If you want to listen to your digital music collection in your bedroom or in your living room, you don't want to have to fire up a PC. You don't want to hear the whirring of computer cooling fans. And you don't want to spend thousands of dollars on a custom solution. Enter Squeezebox v3 from Slim Devices.
Squeezebox is a small, well-designed appliance that lets you listen to your digital music from any room in your home. It provides ready access and high-quality sound without requiring a media-PC. And, at $299 (as tested), it costs a lot less than a media-PC.
Squeezebox is small (3.5" tall by 7.5" wide) and silent, functioning as a music access point on your network. Using a remote and the gorgeous vacuum fluorescent display to navigate, the Squeezebox can be set up quickly. With its brush metal aluminum and black face, it can go virtually anywhere in your home, being unobtrusive and beautiful, letting you hear your music or digital audio where you want to hear it.
The Squeezebox has a solid set of audio options, with digital optical, coax, and analog connectors that can be plugged into any home theater, stereo or set of amplified speakers.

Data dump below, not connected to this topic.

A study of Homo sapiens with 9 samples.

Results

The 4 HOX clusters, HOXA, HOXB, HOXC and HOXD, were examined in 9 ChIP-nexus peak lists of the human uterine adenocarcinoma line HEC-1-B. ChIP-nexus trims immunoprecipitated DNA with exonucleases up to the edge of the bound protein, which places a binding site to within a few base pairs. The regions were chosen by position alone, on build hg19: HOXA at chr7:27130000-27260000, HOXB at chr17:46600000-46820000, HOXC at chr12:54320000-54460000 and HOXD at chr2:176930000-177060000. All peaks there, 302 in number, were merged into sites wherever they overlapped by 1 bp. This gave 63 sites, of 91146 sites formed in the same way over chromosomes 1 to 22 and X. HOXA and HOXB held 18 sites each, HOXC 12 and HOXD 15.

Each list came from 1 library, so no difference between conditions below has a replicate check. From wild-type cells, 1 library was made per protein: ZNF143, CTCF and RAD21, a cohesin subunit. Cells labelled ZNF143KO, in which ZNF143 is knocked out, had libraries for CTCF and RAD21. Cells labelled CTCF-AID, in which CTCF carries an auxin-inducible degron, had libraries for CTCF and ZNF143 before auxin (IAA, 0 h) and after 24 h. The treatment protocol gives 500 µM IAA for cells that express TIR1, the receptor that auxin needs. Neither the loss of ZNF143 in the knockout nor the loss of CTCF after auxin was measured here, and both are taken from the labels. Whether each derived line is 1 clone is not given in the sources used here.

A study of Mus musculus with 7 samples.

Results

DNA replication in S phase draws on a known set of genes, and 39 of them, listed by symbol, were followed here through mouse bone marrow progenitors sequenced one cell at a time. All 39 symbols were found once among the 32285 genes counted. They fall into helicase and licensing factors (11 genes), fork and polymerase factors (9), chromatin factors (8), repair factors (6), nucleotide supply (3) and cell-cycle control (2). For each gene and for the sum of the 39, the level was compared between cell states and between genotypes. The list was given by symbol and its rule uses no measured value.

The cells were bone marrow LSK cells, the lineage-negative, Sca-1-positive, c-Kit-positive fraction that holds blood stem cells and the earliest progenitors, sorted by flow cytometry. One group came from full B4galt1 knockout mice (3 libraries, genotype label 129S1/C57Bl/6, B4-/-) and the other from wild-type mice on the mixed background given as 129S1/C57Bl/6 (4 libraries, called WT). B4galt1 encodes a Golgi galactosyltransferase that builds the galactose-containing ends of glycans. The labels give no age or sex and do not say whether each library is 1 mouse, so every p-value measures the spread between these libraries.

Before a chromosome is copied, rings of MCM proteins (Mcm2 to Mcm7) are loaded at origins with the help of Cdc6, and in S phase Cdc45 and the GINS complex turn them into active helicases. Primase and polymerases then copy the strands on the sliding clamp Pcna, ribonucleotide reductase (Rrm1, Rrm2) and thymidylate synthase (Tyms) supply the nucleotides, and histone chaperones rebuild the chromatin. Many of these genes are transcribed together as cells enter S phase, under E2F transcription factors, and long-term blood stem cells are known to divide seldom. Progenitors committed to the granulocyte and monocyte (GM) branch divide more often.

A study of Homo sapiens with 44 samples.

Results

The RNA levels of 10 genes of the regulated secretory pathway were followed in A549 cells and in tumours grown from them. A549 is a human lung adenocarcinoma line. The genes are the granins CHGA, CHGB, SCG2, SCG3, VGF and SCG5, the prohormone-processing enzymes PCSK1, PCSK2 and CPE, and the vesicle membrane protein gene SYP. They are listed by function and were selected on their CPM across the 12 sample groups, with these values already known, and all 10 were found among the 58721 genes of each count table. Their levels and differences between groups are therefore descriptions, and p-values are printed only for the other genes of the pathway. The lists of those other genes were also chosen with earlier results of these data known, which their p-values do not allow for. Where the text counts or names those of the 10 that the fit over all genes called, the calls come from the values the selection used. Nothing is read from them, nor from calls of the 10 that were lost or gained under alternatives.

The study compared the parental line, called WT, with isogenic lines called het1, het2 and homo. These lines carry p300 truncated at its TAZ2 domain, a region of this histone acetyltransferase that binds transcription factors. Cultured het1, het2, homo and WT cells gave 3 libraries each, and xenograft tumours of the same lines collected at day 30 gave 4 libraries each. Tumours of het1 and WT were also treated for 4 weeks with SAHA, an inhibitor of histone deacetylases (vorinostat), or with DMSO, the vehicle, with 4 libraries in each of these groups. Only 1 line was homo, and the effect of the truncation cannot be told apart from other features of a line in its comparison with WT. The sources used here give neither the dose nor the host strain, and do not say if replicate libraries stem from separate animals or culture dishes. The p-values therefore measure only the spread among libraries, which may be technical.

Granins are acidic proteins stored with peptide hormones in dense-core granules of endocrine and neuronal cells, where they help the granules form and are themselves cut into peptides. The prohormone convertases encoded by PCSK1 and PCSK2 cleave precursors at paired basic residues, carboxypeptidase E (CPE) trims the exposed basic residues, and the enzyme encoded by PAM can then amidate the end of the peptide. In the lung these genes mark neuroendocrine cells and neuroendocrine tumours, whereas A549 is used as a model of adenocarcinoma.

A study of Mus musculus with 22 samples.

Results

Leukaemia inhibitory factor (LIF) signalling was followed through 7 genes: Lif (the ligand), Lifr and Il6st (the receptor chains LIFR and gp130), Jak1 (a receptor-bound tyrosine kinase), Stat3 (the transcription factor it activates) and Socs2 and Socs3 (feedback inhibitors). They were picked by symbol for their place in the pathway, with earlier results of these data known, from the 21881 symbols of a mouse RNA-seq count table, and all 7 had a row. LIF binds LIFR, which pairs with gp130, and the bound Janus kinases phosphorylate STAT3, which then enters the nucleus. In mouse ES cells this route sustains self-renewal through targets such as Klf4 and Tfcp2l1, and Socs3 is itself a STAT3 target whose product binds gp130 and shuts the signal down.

Designed by audiophiles it has a 24 bit Burr-Brown DAC that provides clean output and low distortion. It supports a number of media formats, including lossless audio for discerning listeners. It support MP3, WMA, FLAC, AAC, WAV, and Ogg Vorbis, streaming audio and can be upgraded as new formats emerge.
Squeezebox can be hooked up through either a wireless connection using 802.11g or to a wired network using a built-in Ethernet port. Slim Devices provides software clients to its SlimServer software for Windows, Mac, and Linux. The SlimServer software is released under Open Source GPL license, you'll never have to worry about being locked out of your music, since the source code to the server software is freely available for anyone to modify.
With so much going for it, I decided to put the Squeezebox through its paces. I had reviewed the original Squeezebox for Tom's back about a year ago, and decided to see what was new, what has improved, and what might still need work.